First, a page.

International School of American Archeology and Ethnology in Mexico

The International School of American Archeology and Ethnology (Escuela Internacional de Arqueología y Etnología Americana) was established in 1910 to promote scientific research relating to the archeology and ethnology of Mexico and adjoining countries.[1] Initial support came from five patrons, each to support the school and provide a director for a one-year period. These were: The Prussian Government; Columbia University; Harvard University; University of Pennsylvania; and The Government of the United States of Mexico. The French Government was also involved in the discussions, but did not take up its place as a patron.[2] The main preparatory work in setting up the school was carried out by Franz Boas,[3] Ezequiel Chávez, and Eduard Seler.[4] The aims of the school were both to conduct original research and to train a new generation of Mexican researchers.[citation needed]

History[edit]

The school only operated for four years before closing in the chaos of the Mexican Revolution in 1914. The last director Alfred Tozzer had to leave in May of that year.[4] Despite its short life a considerable amount of work was carried out. This is listed in summary of the work of the school published in 1915.[1] The work included stratigraphic analysis of sites in the Valley of Mexico, in particular of Azcapotzalco by Manuel Gamio, allowing a sequence of civilizations in the same areas to be established; linguistic analysis, focusing on dialects that were in danger of disappearing; and work on folk-lore conducted by Isabel Ramírez Castañeda.[citation needed]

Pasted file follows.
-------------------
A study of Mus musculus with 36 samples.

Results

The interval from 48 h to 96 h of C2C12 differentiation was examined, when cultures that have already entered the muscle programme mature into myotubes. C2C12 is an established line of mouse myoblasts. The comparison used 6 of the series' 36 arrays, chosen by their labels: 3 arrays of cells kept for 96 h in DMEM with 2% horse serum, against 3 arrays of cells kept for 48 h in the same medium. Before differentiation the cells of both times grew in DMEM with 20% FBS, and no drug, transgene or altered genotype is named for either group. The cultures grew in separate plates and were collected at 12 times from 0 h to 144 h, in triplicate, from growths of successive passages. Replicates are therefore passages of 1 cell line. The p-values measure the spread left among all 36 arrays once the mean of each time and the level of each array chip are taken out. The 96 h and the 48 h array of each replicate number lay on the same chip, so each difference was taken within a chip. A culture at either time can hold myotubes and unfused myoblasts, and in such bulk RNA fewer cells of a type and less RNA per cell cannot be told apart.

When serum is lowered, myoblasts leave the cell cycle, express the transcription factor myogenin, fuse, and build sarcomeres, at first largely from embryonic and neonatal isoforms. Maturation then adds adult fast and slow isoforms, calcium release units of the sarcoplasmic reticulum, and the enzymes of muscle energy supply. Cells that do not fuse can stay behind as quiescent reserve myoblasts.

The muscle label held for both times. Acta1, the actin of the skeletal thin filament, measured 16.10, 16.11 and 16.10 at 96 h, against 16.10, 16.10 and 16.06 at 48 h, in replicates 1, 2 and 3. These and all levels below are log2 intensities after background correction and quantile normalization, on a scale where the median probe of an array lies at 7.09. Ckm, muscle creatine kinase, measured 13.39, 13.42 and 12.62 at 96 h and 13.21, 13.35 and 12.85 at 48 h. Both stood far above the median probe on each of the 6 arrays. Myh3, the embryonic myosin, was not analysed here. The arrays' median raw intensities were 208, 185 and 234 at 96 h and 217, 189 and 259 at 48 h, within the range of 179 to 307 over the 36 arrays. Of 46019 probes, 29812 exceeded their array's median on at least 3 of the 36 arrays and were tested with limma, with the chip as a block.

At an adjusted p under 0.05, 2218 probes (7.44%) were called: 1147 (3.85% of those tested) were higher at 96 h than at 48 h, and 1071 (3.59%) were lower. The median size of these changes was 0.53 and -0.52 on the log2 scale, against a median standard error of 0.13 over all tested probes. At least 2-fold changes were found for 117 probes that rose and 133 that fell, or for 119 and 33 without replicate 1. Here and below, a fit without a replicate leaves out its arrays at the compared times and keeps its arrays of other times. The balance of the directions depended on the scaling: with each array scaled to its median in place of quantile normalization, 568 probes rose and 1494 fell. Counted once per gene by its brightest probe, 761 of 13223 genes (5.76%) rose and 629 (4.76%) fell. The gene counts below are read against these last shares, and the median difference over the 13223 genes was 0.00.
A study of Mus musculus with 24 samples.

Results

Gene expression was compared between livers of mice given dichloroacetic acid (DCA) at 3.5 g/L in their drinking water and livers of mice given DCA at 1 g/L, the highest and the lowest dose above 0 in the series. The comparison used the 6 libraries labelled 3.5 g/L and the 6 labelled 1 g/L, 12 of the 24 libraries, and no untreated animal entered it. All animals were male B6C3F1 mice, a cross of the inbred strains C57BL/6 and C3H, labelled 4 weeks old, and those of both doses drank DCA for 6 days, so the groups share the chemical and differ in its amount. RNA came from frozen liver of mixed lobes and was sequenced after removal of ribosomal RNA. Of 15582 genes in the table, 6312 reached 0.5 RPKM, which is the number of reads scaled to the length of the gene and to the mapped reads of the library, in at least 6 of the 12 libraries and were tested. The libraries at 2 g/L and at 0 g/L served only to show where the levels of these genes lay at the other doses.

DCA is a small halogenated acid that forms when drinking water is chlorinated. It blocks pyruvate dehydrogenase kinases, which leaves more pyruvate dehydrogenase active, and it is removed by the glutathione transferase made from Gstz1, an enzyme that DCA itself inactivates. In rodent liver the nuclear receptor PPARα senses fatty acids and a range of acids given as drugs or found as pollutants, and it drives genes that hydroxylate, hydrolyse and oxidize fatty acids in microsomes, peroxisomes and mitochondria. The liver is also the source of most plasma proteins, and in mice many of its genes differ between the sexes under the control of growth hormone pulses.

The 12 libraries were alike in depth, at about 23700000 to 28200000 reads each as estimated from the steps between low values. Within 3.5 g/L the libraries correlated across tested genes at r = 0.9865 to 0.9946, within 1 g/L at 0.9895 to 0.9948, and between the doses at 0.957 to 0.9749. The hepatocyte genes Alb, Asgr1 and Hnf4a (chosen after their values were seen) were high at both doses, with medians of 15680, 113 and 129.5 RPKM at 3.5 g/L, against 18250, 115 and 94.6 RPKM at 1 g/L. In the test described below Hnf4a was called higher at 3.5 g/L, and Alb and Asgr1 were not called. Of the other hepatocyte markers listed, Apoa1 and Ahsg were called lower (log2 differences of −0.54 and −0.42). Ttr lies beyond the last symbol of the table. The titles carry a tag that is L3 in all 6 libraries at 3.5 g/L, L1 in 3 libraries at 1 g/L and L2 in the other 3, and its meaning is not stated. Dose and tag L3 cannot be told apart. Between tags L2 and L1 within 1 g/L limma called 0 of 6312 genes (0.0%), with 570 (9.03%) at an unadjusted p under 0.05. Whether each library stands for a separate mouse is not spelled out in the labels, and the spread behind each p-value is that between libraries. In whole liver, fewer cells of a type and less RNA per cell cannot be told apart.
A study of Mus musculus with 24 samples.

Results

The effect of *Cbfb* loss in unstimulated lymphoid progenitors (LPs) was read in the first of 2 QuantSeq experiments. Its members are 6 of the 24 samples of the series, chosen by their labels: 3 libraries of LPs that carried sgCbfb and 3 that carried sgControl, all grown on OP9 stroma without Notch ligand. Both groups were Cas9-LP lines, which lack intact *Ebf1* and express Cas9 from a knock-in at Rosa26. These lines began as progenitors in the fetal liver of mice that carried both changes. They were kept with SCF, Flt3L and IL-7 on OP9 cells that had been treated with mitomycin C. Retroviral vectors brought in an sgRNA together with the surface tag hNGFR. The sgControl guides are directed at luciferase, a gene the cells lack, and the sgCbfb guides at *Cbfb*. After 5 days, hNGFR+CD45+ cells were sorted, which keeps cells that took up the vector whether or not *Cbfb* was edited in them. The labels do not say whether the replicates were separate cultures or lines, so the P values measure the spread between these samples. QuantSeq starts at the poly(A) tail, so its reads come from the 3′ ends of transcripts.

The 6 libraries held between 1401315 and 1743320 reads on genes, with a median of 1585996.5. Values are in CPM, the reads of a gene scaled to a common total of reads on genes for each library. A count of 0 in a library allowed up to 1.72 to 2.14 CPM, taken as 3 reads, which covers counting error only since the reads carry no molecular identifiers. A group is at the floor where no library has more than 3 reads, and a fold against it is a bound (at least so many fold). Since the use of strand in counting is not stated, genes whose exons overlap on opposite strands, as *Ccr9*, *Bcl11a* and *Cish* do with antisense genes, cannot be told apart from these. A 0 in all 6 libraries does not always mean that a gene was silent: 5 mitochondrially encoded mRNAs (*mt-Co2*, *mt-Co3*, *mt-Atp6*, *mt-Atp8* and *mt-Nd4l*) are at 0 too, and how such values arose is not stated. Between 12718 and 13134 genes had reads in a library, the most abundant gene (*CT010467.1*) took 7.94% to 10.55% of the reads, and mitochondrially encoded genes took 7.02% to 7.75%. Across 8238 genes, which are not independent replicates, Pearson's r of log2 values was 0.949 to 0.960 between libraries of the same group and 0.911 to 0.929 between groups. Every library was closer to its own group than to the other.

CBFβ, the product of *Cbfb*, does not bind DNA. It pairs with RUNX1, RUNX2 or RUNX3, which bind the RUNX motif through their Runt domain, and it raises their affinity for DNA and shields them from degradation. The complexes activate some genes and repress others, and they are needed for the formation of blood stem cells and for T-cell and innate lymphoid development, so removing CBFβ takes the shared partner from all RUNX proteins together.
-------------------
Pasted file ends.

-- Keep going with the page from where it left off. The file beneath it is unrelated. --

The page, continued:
The directors of the school were:[2]

References[edit]

  1. ^ a b Boas, Franz; Tozzer, Alfred M. (1915). "Summary of the Work of the International School of American Archeology and Ethnology in Mexico". American Anthropologist. 17 (2): 384–395. doi:10.1525/aa.1915.17.2.02a00210.
  2. ^ a b Rivet, P. (1913). "Escuela internacional de Arqueología y Etnología americanas". Journal de la Société des américanistes. 10: 684–687. JSTOR 44387357.
  3. ^ Godoy, Ricardo (1977). "Franz Boas and his plans for an International School of American Archaeology and Ethnology in Mexico". Journal of the History of the Behavioral Sciences. 13 (3): 228–242. doi:10.1002/1520-6696(197707)13:3<228::aid-jhbs2300130303>3.0.co;2-s.
  4. ^ a b Ruiz, Carmen (2003). "Chapter 4: The International School of American Archaeology and Ethnology. An experiment in international scientific collaboration. (1910-1914)". Insiders and outsiders in Mexican archaeology (1890-1930) (PhD). The University of Texas at Austin. CiteSeerX 10.1.1.424.9423.